Black leader Nelson Mandela, recalling his tough prison life and preparing to celebrate his first Christmas in almost 30 years as a free man, called Monday on the black majority to vow never to spend "another Christmas in chains."

"The message we wish to convey to you all is one of hope. . . . We have a right to be free, and we shall be free," the African National Congress deputy president said in a Christmas message to the country."Let us vow never to celebrate another Christmas in chains," Mandela said, speaking at his home in the nation's largest black township of Soweto, south of Johannesburg.

He noted ANC President Oliver Tambo, who returned to South Africa Dec. 13 after three decades in exile, would be meeting President Frederik de Klerk for the first time Monday on a "courtesy visit."

"The South Africa so many have sacrificed so much to achieve is within sight," Mandela said, referring to the ANC's fight against white minority rule, de Klerk's 11 months of racial reforms, and preliminary talks between the ANC and Pretoria on ending apartheid.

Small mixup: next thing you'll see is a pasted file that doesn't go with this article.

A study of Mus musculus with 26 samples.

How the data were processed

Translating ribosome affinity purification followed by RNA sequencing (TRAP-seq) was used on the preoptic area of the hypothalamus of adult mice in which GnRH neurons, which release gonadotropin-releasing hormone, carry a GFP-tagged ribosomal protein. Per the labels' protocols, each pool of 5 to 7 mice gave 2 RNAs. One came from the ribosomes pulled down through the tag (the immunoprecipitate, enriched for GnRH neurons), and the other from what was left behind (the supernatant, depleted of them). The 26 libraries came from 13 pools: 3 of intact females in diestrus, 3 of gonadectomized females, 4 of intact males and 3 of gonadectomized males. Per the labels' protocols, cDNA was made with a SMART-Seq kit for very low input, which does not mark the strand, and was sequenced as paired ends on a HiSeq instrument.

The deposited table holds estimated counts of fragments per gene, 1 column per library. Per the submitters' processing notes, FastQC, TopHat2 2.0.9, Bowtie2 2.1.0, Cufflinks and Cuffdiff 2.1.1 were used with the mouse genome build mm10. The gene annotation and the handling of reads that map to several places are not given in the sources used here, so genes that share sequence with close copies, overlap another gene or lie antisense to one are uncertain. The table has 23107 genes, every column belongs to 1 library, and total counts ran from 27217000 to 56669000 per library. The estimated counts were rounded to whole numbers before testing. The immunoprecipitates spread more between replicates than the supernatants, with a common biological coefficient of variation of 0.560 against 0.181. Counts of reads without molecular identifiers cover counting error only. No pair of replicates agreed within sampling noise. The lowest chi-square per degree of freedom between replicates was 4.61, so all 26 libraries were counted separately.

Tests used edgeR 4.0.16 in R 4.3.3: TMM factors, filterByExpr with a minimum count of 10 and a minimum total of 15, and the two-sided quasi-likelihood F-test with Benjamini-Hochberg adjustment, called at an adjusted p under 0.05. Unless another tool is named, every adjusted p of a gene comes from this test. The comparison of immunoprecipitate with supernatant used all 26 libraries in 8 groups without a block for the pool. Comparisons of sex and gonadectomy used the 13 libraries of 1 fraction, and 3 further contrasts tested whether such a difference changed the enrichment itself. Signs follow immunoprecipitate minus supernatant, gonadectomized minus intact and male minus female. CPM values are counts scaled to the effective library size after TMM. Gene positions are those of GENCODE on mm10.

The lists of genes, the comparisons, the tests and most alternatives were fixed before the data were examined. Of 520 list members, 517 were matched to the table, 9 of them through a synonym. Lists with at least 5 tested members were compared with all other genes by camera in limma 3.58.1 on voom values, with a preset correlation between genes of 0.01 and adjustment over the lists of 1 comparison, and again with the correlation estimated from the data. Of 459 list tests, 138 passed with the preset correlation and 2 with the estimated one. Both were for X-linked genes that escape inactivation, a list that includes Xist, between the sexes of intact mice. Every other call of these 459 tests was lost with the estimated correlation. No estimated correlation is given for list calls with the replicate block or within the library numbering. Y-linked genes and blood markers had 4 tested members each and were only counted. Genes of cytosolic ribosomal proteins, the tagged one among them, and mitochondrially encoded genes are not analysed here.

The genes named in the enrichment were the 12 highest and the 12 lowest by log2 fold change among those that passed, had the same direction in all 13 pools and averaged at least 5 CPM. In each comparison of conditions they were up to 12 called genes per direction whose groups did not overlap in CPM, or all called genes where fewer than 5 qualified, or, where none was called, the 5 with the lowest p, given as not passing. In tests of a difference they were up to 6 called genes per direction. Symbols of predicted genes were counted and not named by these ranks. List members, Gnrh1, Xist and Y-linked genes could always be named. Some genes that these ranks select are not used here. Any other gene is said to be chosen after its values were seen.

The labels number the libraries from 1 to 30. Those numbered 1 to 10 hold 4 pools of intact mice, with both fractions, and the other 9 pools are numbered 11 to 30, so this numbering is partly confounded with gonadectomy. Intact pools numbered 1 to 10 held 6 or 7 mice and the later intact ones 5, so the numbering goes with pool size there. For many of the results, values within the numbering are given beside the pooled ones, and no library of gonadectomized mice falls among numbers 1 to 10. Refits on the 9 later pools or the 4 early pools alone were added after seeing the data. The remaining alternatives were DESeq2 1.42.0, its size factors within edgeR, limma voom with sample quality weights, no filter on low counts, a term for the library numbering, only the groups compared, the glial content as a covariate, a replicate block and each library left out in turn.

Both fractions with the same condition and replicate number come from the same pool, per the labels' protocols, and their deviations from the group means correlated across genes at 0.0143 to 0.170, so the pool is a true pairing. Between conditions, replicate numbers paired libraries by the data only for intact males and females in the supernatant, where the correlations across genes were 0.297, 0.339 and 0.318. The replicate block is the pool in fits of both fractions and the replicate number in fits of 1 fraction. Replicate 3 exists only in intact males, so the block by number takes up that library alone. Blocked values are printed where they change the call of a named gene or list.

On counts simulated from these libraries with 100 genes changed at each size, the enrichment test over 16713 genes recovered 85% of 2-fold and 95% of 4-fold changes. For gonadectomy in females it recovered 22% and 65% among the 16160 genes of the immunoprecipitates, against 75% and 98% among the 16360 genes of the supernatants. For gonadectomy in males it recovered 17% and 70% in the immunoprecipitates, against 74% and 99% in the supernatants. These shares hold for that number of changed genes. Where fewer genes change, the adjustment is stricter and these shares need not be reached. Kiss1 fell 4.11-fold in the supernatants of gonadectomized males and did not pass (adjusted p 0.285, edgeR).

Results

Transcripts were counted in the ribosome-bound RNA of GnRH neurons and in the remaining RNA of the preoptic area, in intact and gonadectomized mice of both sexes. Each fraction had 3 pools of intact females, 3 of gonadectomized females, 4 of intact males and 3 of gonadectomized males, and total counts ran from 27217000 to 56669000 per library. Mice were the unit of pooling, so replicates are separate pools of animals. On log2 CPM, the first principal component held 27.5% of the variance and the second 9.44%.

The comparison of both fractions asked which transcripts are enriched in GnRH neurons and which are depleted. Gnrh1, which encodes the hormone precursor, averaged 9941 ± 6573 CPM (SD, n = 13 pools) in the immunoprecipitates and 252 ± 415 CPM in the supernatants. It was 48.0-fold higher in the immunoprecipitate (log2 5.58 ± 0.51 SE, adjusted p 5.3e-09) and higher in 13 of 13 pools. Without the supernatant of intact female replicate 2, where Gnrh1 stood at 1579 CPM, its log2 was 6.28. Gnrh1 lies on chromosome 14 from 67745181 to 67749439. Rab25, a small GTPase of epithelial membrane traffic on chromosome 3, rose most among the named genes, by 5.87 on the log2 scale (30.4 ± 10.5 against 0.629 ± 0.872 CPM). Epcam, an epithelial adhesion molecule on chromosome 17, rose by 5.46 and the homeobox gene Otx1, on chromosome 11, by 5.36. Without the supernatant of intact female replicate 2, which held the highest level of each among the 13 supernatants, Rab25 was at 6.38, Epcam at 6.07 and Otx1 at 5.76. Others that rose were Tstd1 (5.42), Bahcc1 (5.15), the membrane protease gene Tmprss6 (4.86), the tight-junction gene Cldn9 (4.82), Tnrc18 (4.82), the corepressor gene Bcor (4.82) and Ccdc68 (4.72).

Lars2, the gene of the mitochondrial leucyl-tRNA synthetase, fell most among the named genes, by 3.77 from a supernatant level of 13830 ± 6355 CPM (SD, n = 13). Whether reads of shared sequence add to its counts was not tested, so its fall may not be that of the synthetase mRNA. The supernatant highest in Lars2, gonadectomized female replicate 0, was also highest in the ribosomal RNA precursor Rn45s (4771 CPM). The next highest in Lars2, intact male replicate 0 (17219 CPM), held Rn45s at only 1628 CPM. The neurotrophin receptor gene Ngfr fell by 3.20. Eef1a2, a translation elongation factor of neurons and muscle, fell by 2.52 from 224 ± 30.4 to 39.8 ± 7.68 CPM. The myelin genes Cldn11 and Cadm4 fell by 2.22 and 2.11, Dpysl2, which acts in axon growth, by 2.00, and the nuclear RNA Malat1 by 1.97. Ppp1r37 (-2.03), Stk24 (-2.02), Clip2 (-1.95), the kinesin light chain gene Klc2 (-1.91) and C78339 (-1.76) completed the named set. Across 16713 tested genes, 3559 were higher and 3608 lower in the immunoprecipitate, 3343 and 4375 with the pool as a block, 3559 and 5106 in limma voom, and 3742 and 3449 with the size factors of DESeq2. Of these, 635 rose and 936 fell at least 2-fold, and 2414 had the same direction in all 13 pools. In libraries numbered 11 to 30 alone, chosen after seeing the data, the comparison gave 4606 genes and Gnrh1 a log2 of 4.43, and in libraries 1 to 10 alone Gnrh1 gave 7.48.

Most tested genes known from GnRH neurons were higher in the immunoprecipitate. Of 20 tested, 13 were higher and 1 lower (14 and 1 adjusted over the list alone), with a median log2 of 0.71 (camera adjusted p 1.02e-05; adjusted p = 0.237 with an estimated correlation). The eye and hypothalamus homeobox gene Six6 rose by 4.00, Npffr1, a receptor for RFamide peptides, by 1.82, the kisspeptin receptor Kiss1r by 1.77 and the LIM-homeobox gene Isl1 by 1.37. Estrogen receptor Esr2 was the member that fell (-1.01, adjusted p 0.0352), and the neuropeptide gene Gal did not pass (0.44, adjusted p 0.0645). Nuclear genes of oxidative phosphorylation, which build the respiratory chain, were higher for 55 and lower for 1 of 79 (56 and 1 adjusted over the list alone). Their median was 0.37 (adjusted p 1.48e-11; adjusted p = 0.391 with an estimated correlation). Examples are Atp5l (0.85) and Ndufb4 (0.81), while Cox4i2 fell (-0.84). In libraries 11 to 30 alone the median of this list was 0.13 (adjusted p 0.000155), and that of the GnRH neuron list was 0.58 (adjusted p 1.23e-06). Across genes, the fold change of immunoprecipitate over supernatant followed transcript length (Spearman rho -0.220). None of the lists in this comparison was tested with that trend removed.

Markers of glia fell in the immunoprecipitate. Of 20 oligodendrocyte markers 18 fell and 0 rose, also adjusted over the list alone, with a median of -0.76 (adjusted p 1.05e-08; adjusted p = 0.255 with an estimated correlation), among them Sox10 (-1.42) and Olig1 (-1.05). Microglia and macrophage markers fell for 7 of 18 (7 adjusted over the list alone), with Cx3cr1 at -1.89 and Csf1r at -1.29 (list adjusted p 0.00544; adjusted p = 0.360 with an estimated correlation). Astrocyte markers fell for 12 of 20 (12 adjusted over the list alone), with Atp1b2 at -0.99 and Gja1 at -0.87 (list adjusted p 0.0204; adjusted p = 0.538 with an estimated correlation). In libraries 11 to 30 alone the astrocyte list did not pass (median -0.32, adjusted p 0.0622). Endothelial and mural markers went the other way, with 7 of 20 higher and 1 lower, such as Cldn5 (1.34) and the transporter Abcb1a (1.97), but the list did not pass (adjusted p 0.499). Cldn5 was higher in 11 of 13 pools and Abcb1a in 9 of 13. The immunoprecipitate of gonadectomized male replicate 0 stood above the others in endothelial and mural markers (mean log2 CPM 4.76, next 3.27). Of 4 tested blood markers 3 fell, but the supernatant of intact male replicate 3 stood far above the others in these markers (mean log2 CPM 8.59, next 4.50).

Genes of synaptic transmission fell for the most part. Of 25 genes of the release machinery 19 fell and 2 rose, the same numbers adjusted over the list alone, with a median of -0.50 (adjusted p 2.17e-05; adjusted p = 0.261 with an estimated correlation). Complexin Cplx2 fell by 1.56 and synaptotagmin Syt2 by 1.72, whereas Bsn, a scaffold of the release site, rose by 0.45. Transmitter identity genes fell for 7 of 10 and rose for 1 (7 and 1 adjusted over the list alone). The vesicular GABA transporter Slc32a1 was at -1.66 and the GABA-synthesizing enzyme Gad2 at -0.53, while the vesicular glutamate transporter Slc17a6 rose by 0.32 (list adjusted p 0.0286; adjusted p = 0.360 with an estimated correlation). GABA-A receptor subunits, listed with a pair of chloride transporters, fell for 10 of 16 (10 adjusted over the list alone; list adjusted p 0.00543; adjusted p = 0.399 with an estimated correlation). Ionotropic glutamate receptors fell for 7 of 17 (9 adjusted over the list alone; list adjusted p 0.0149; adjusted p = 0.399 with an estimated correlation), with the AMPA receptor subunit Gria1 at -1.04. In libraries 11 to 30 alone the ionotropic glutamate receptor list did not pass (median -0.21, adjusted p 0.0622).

"Together let us walk this last, long grueling mile to reach a non-racial, non-sexist society . . . where all forms of racial discrimination are abolished," he said.

The 72-year-old Mandela, released from prison Feb. 11 after more than 27 years, said his own first Christmas in jail was "very miserable."

But Mandela said that despite a year of factional black violence that has killed some 3,000 people and threatened to derail the talks between the ANC and the government, he was confident of a peaceful future.

He also repeated ANC predictions that the splintered black opposition could soon begin the process of unification.

"We have confidence in the wisdom and good sense of the majority to share the hope with you that the New Year will bring all of us nearer to a situation of justice and peace for all the people of our country," Mandela noted.

De Klerk, facing a surge of black impatience over the pace of racial reform, last Tuesday in his own Christmas message attacked the ANC for fanning "the flames of confrontation."

The ANC had issued Pretoria an ultimatum two days before to push through certain reforms before the end of April 1991 or face a possible suspension of the preliminary talks on ending white rule.